Click through here to read the full story from the Salt Lake Tribune.


Lina Nilsson is the Senior Director of Data Science at Recursion Pharmaceuticals, a Utah grown biotech start-up Recursion is an innovative drug-discovery start-up that combines artificial intelligence, automation, and experimental biology to find treatments for rare genetic diseases, inflammatory diseases, infectious diseases, and immuno-oncology.


She spends her days building innovative tech products after moving from the Bay Area to Utah close to a year and a half ago. In her article, she recalls that, "Recently, I was in a meeting and realized that I have been forgetting to deploy my standard meeting “tools”: I haven’t been resetting my chair height uncomfortably high to appear as tall as the guys and I have been jotting down notes for all to see. And yet, no one at Recursion, my high-tech biotech employer here in Salt Lake City, has asked me to be the permanent official note taker or bring in more coffee."


For women everywhere that have been given the "housework" of the office, this feels like a breath of fresh air. But, it's time for some sobering statistics: Utah has the nation’s largest gender wage gap and women are the least likely to be employed in a STEM field in the Beehive State.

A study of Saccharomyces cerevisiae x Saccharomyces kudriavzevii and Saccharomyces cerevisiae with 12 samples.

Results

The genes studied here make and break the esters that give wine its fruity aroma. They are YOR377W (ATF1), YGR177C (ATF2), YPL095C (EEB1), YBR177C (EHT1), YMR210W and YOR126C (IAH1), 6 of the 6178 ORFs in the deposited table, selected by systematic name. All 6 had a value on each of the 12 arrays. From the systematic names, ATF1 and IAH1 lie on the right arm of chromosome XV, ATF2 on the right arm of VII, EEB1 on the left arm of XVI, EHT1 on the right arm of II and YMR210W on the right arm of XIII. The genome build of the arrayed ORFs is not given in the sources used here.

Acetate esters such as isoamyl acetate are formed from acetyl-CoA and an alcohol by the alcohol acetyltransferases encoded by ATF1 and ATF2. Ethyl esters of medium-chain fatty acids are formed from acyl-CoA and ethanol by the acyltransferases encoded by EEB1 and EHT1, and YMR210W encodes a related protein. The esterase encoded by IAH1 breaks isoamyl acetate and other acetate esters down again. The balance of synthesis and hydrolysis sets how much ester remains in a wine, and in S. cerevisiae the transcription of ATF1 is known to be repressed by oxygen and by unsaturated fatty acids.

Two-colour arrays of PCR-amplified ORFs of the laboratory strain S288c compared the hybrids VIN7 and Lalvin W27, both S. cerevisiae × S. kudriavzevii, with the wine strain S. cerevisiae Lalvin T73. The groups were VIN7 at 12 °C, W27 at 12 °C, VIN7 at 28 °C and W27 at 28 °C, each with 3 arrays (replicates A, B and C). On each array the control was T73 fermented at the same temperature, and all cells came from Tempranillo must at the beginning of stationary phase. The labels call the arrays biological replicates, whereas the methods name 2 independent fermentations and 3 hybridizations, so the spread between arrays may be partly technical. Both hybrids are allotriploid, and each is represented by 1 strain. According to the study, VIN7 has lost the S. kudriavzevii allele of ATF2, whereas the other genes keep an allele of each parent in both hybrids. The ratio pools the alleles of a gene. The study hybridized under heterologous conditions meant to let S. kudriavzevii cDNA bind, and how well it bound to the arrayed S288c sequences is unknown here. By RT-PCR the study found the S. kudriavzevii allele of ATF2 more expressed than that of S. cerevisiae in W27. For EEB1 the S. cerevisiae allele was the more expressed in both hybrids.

Nilsson dives into the history of Silicon Valley as a model for all other tech hubs (Silicon Alley, Silicon Hills, etc.) in this piece while interrogating the idea that Utah could be the best place for women in tech if we make it. The statistics at times feel staggering -

  • Roughly 20% of technical roles in SV startups are held by women
  • Women-led companies pick up 2% of VC funding
  • Women are more likely to leave their careers
  • Women are less likely to hold and maintain leadership roles


But in these statistics lies a massive opportunity. "I work at a machine learning-biotech startup in Salt Lake City. But I have also spent nine years in the San Francisco Bay Area.The dynamics of being a woman in tech are simply different in Utah. We have been given both a risk and an opportunity to shape its future," details Lina.


From breaking down "Brotopia" from Emily Chang to "Lean In", Nilsson cracks through the facade of the 'equality trailblazers' and details how to approach this opportunity head-on and make a difference here in Salt Lake City. We have a small, but fast growing network of tech. Small changes made my leaders here will have a massive ripple effect on tech at large.


She sets the following as an example: "When the CEO of Recursion sets concrete company goals on diversity in recruiting and encourages community events like our Women in Science and Technology speaker series, this really matters. But when another Utah CEO stands up in front of thousands at the region’s largest tech conference and demeans the women attendees by suggesting they only showed up to crush on a certain pro-athlete guest speaker, this also really matters. We are setting the tone for the tech expansion to come."


"The way you shape diversity at your companies today — from large-scale policies to the 140 characters you tweet — will affect not just your company’s success, it will shape the way our local tech community grows. It is up to you whether Utah is the best — or the worst — place for a woman in tech," concludes Lina Nilsson.